Education has been adapting to the challenges of distance learning and return to in-person learning.  One student, Brooklyn Brown, shares some experiences from the past year in Leadership magazine.

“Over the last few months, like everyone else in the world, I have been living through tons of new experiences.  I have started virtual schooling, which is a challenge in itself.  What a way to start 7th grade!  At first, I struggled with handling new assignments every day.  I had to memorize the information given in lessons, and there were a lot of lessons to complete.  It was a little overwhelming, and my grades were not gratifying.”

Brooklyn’s comments are a similar narrative heard across the education community and present us with an opportunity to examine our practices as we exit COVID conditions to better leverage technology resources moving forward. What has history taught us? The 17th century did not require a formal education because most children assisted the family at home or on the farm.  Education was a luxury reserved for a select few teaching how to read the bible and remain aligned with puritan morals. Harvard was established as the first college in 1636, with the first academy for girls opening in 1787. 

During the 19th century, education shifted from a religious-based system to a standard, state-sponsored system. The first U.S. public school opened in 1821, and President Andrew Johnson signed legislation creating the first Department of Education in 1867.   Over the years, the office remained relatively small, operating under different titles and housed in various agencies, including the U.S. Department of the Interior and the former U.S. Department of Health Education and Welfare (now Health and Human Services).

Political and social changes during the 1950s increased federal funding for education. The Soviet Union’s Sputnik in 1957 spurred nationwide concern that led to increased aid for science education programs, today’s Science Technology Engineering and Mathematics (STEM). President Lyndon Johnson’s “War on Poverty” created several programs designed to improve education. 

Education expansion continued in the 1970s with national efforts to help racial minorities, women, people with disabilities, and non-English speaking students gain equal access to education. In October 1979, Congress passed the Department of Education Organization Act (Public Law 96-88) which formalized the Department of Education under President Carter. Technological changes over the years presented challenges and opportunities for education, much like those we have experienced because of COVID.

My father showed me one of the first portable calculators in 1971. This four-function marvel of technology was a Busicom LE-120 “Handy” featuring a 12-digit red LED display and retailing for $395, which is about $2,500 today adjusted for inflation. Questions were raised in education circles at the time about how this new tool would change mathematics instruction.  During the 1980s, computer-aided teaching was emerging in both K-12 and higher education classrooms.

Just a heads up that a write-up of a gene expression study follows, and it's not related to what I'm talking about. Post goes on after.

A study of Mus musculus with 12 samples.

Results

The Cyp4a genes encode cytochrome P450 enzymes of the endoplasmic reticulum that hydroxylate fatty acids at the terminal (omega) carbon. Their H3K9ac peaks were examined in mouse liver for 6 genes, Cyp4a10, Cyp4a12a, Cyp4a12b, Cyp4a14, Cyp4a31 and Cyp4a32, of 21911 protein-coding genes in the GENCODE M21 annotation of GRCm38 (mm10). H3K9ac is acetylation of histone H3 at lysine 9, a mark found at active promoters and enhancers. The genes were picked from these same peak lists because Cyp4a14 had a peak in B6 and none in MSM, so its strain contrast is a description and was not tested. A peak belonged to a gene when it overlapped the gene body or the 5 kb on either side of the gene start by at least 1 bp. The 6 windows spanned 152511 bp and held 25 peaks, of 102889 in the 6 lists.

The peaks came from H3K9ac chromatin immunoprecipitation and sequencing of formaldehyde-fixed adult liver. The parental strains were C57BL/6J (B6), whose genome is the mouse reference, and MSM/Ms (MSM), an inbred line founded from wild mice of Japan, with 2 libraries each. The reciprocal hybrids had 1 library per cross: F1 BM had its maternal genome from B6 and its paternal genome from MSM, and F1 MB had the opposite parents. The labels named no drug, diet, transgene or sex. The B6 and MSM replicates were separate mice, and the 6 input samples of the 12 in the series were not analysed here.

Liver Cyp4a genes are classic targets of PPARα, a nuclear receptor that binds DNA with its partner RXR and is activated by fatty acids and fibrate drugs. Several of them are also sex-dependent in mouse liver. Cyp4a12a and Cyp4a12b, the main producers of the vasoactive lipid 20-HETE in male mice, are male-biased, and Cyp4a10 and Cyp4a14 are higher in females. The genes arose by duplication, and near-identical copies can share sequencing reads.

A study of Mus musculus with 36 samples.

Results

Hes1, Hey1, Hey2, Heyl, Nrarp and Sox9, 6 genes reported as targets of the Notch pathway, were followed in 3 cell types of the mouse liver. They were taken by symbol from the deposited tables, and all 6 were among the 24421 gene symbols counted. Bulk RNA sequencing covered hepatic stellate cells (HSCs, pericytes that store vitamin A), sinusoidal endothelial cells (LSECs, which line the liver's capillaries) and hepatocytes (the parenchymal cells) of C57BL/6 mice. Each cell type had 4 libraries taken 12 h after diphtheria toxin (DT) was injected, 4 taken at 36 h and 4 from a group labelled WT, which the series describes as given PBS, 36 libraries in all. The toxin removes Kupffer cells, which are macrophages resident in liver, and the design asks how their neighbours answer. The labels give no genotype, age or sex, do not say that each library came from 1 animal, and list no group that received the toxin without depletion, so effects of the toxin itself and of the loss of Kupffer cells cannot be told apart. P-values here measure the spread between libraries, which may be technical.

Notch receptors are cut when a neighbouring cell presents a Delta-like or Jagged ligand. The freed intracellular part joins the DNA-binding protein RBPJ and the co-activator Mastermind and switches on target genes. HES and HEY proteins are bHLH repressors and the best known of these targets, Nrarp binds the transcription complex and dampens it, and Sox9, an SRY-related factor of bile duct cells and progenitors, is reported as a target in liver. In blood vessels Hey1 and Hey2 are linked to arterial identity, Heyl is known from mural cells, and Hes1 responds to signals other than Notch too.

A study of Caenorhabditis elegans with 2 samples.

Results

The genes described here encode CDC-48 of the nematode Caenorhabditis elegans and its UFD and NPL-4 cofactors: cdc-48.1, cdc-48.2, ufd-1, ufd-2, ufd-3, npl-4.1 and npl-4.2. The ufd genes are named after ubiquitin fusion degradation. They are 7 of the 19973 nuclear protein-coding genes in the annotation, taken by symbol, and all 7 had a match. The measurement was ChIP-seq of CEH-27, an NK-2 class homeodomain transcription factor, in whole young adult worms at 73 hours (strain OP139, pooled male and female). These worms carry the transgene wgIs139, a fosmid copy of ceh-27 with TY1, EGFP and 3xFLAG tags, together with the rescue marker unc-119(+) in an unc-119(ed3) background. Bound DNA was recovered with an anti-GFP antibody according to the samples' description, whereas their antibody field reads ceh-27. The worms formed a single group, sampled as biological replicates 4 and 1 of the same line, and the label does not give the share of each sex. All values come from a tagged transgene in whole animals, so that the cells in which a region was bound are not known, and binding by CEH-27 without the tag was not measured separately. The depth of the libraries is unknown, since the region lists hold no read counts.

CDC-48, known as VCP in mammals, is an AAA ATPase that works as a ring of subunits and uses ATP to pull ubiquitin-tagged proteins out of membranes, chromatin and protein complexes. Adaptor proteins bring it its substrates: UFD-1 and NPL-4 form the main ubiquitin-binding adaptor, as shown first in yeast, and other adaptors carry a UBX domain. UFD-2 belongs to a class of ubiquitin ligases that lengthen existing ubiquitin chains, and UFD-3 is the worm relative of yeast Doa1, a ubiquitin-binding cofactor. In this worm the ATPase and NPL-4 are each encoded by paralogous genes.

Little did I imagine as a new teacher making use of an Apple II computer lab that we would spend an entire year applying technology-based learning platforms because of a pandemic.  What lessons have we learned in response to Brooklyn’s struggles and requests that education addresses the needs of today’s youth? 

“There may be an opportunity to reimagine what schools will look like,” Education Secretary Miguel Cardona told The Washington Post. “It’s always important we continue to think about how to evolve schooling, so the kids get the most out of it.” Few education stakeholders suggest that distance education is for everyone.  But many are examining how distance or virtual platforms can meet the educational needs of students with jobs, certain medical conditions, or those who prefer virtual learning. The Rand Corporation, a nonprofit research organization, reports that 2 in 10 school systems plan to adopt virtual platforms post-COVID.

Considering the coronavirus rescue package signed into law by President Biden, schools have an opportunity and challenge to proactively spend federal funding on evidence-based interventions to address learning loss. This pandemic presents us with an opportunity and challenge to adapt, innovate, learn, and improve how we provide for the education of our future. What technological lessons can we apply to serve the public better? We observed the entire community meet the challenge of COVID, and I have confidence that this human can-do spirit will continue as we move forward together into a brighter future. It is an honor to serve as your county superintendent of schools.